I recently visited Canberra, our nation's capital for the first time in 8 years that I have been living in Australia. I went there for my brother's Army Graduation Ceremony He has been a part of the Australian Reserves and has been training to become an Officer in the Army. We are both from India and we moved to Australia to study/work many years ago.
The visit itself was a very interesting and inspiring experience for me. We do not have a family background in the military in India and for him to be a part of the Army in another country was quite an achievement. My husband and I arrived late morning in Canberra and we went to see the Australian War Memorial. The building itself with its beautiful domed elevated structure was breath taking. But what was inside was even more compelling.
The interior walls were full of names of all the soldiers who have fought for Australia. This roll of honour etched in the walls has a beautiful tradition, anyone related to the fallen can come and add a poppy to the side of the name. The wall is beautifully adorned with poppies signifying both the solemnity and respect given to the fallen but also the red signifies the blood shed in the wars. The internal chamber with the eternal flame and the beautiful murals and stain glass windows depict the heroes of World War I and II.
I just got thinking what it would feel like to have been a part of the war, or to have your father, brother or husband lost to the war. That just made me think of an incident that took place a few weeks before we arrived in Canberra. My brother was away for the final training and assessment program for three weeks in the bush around Canberra. It was during this time that I received a phone call from him asking me if I could send him some food, specifically an Indian flat bread that I make, called thepla. How could I ignore a request for food from my brother from the back of beyond. Not to mention I have a general tendency to show my love through food as do most Indians. So I got my mixing bowl and rolling pin out and got to work.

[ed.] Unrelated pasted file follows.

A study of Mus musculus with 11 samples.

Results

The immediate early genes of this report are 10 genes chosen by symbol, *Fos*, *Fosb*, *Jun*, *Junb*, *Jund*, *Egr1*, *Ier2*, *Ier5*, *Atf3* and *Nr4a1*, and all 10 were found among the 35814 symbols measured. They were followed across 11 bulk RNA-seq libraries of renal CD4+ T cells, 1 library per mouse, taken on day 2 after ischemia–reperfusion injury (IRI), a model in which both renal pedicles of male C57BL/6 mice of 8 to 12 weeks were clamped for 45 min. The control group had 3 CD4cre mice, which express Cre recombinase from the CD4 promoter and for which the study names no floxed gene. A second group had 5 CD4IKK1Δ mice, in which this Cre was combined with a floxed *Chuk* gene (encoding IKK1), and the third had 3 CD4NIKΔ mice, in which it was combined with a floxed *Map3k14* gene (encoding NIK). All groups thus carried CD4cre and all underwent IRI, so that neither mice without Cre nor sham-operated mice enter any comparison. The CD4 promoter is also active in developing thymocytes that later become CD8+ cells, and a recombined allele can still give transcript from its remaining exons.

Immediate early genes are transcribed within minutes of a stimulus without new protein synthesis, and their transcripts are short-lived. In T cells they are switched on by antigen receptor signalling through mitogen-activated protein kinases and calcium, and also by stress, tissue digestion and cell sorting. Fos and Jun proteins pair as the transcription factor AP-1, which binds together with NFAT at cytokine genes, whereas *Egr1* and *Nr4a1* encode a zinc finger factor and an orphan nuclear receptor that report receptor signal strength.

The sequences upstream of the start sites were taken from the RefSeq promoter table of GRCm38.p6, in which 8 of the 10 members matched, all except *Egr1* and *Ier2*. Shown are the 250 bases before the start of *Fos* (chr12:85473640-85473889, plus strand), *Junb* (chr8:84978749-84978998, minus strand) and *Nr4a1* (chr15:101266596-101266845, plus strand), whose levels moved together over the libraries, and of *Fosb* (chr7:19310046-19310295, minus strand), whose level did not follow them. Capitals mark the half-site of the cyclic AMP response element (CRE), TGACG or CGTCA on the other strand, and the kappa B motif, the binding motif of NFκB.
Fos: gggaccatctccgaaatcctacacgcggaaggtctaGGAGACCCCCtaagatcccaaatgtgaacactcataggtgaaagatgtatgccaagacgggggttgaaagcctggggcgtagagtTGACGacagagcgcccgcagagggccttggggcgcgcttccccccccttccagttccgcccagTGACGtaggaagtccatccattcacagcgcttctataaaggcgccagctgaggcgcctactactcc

I made the theplas and wrapped them nicely in glad wrap and then sealed it in a zip lock bag. I then set out to the post office to send this little parcel. All through this process I felt like he was a contestant in the hunger games ( yes I am a fan of the series) and I am his mentor trying to get him sponsors to send him gifts. It was impossible not to be excited and emotional for me considering he's the first in our family to be a part of the Defence force. I then bought him some more goodies from the supermarket; brownies and lollies, wrote him an encouraging note and sent the parcel off to him. I wouldn't know whether he received it or not till much later.
A few days later I received a letter from him. The letter was written on two scraps of paper that he may have found or foraged. The scraps themselves were full of words and in no way insignificant. It said that he was fine and that the training was difficult as the weather was very hot and harsh. He said he received the food and that it was a great morale boost and how sick he was of the ration packs. It was such a great feeling knowing that he felt so happy with the food.
It just made me wonder about the conditions during war time and what sort of environment did the soldiers have to endure. I come from a country that had to struggle for its freedom. My parents and grandparents have grown up during different wars be it the freedom struggle against the British or the Indo-Pak and Indo-China wars. I am very anti-war but I am very pro military. I suppose I understand the sacrifice the soldiers make, and the danger they put themselves in to protect the country. My brother's girl friend is very anti military and does not seem to think that Australia has to spend so much on their Armed forces. I suppose it is a valid point as Australia has never had to fight its own war, it has only been an ally in the Western world and continues to do so. The role of the military here is very different to a country like India where terrorist attacks and acts of violence are only too common.
Life couldn't have been easy for these soldiers, I suppose I honour their sacrifice and the spirit with which they put service before self and marched on into the arms of danger.